DEAR ABBY: My husband was downsized from a large company 16 months ago. He collected unemployment for six months, then began a business that he runs from our home.
I have been the sole support of our family during this period. Recently he began taking a class near his former office. His class began in the morning and ended at 2 p.m. When he returned home one evening, I asked him how his day had gone. He stated that he had gone to lunch with a lady from his old office. (She happened to call him last week for someone's phone number and mentioned that "no one ever takes her to lunch.") My husband generously offered because he was going to be in the area the next week. He never mentioned it during the week prior to what I call "his date."
His class needed to work through lunch, so he called her to tell her. She offered to wait for him and have a late lunch when his class was over. He called her on my cell phone before the end of class to say he'd pick her up. This was at 1:30 p.m. He picked her up at his former office, and they drove to an expensive restaurant because "he didn't want to run into any former co-workers from his old company."
As he told me this story, I started to get angry because he had told me the previous day that we could not go out to eat because money was tight. When he saw I was getting angry, he jokingly said he had just made up the story to see my reaction. I decided to check it out by looking for a receipt from the restaurant that he originally stated he had gone to. I found it in his wallet and saw that his first story had been the correct one.
Looking back, I now realize that he cleaned his car -- something he never does -- in preparation for this date, borrowed my cell phone to confirm the date, and was unusually concerned about his appearance before going to this class that day. He thinks I'm out of line for being upset that he took this divorced "friend" to lunch. He says I'm jealous.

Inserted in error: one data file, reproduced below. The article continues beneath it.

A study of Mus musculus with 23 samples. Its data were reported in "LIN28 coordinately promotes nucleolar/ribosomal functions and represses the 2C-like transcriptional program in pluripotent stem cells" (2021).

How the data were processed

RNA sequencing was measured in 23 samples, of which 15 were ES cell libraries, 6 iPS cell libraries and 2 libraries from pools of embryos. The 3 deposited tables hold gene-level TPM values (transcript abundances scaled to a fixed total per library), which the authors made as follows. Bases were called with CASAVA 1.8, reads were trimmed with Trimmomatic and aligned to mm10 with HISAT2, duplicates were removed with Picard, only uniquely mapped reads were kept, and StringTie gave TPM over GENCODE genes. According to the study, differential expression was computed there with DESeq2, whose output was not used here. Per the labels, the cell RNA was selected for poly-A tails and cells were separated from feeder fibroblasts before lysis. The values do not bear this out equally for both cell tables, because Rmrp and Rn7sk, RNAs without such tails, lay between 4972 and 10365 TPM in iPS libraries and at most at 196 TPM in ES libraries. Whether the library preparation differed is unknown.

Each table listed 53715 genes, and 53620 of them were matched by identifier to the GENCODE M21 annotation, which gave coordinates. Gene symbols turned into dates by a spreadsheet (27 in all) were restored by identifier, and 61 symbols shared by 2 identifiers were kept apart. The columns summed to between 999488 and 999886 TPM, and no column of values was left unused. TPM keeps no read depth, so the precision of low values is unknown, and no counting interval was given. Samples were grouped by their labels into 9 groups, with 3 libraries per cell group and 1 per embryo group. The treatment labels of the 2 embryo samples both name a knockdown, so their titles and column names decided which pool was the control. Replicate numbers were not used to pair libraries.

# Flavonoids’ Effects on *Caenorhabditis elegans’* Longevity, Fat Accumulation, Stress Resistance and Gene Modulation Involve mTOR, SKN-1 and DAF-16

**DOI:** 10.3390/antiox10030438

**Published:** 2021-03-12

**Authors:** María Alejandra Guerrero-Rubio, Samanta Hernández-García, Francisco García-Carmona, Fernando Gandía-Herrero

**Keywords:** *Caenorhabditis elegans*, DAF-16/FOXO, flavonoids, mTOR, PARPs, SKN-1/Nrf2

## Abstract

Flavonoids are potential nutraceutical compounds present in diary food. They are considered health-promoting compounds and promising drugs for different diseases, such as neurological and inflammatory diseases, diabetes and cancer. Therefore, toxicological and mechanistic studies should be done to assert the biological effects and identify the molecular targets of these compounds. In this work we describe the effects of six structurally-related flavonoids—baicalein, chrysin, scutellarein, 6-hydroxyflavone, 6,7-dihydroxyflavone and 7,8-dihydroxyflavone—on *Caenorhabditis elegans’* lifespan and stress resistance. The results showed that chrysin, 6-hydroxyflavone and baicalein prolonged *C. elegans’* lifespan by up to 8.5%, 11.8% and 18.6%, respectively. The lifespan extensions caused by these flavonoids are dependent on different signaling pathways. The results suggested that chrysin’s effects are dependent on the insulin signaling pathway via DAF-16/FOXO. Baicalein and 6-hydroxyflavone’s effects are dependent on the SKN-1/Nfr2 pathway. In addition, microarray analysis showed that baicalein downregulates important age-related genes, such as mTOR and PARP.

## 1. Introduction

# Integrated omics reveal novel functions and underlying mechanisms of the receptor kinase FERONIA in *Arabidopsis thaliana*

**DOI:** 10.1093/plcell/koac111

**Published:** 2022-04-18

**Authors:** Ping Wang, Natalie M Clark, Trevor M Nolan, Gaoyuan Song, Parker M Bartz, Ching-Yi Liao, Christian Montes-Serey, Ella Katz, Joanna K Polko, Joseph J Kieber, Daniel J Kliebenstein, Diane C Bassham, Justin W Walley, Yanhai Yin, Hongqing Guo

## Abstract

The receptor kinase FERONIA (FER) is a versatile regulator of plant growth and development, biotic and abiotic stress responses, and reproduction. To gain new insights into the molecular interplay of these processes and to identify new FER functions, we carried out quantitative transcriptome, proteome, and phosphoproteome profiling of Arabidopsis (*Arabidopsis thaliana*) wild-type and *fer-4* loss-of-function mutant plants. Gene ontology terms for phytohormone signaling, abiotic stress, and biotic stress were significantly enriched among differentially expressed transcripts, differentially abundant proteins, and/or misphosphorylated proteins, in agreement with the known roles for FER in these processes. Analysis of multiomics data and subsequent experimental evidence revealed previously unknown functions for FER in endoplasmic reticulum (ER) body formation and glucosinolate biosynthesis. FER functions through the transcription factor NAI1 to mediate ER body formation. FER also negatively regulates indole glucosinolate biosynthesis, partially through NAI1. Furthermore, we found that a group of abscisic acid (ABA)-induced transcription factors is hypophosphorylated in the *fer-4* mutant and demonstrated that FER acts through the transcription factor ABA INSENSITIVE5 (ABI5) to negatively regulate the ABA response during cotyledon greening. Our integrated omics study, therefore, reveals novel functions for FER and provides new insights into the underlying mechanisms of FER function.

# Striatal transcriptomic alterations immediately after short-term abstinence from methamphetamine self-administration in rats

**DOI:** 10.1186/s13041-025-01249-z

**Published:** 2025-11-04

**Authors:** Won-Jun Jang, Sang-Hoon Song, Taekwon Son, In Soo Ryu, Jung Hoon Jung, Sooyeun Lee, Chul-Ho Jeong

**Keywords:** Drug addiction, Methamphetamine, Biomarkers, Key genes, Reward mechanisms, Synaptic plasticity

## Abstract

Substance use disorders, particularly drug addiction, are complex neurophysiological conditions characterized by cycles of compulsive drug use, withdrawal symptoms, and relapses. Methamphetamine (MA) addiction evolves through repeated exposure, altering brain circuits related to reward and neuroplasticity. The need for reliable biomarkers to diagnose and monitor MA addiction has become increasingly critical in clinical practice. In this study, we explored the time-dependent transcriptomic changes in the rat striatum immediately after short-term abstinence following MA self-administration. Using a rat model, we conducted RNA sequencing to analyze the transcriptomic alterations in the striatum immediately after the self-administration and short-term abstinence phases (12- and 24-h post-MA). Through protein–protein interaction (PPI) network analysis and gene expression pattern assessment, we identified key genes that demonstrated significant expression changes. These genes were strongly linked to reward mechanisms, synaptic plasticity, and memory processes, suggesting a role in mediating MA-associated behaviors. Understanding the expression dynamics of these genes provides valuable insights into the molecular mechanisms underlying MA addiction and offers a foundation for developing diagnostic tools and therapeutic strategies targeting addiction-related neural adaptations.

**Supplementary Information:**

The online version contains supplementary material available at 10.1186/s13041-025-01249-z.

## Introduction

I feel used and disrespected since he kept the date a secret, picked her up for the lunch and then lied about it. What do you think? -- ANGRY WIFE
DEAR WIFE: I think your marriage could use a clean-up job. I smell a rat -- and I think it's your husband.
DEAR ABBY: I would like to share with you our son-in-law's clever and distinctive names for me and my husband.
He calls us "MIL" (or "Millie") for mother-in-law, and "FIL" for father-in-law. This nicely solves the multiple "Moms" and "Dads" problem when both families gather for parties.
On another note: His parents were already grandparents with their own special names before he and our daughter gave birth to a son.
When our grandson was close to 2, and we despaired of ever having a grandparent name, he began calling me "Mum" -- his version of our daughter's "Mom" name for me.
Perhaps this will be of help to other families having difficulties with the "name game." -- A HAPPY 'MIL' IN BONSALL, CALIF.
DEAR HAPPY 'MIL': You have an innovative son-in-law. His nicknames for you and your husband are refreshing when one considers what some in-laws are called.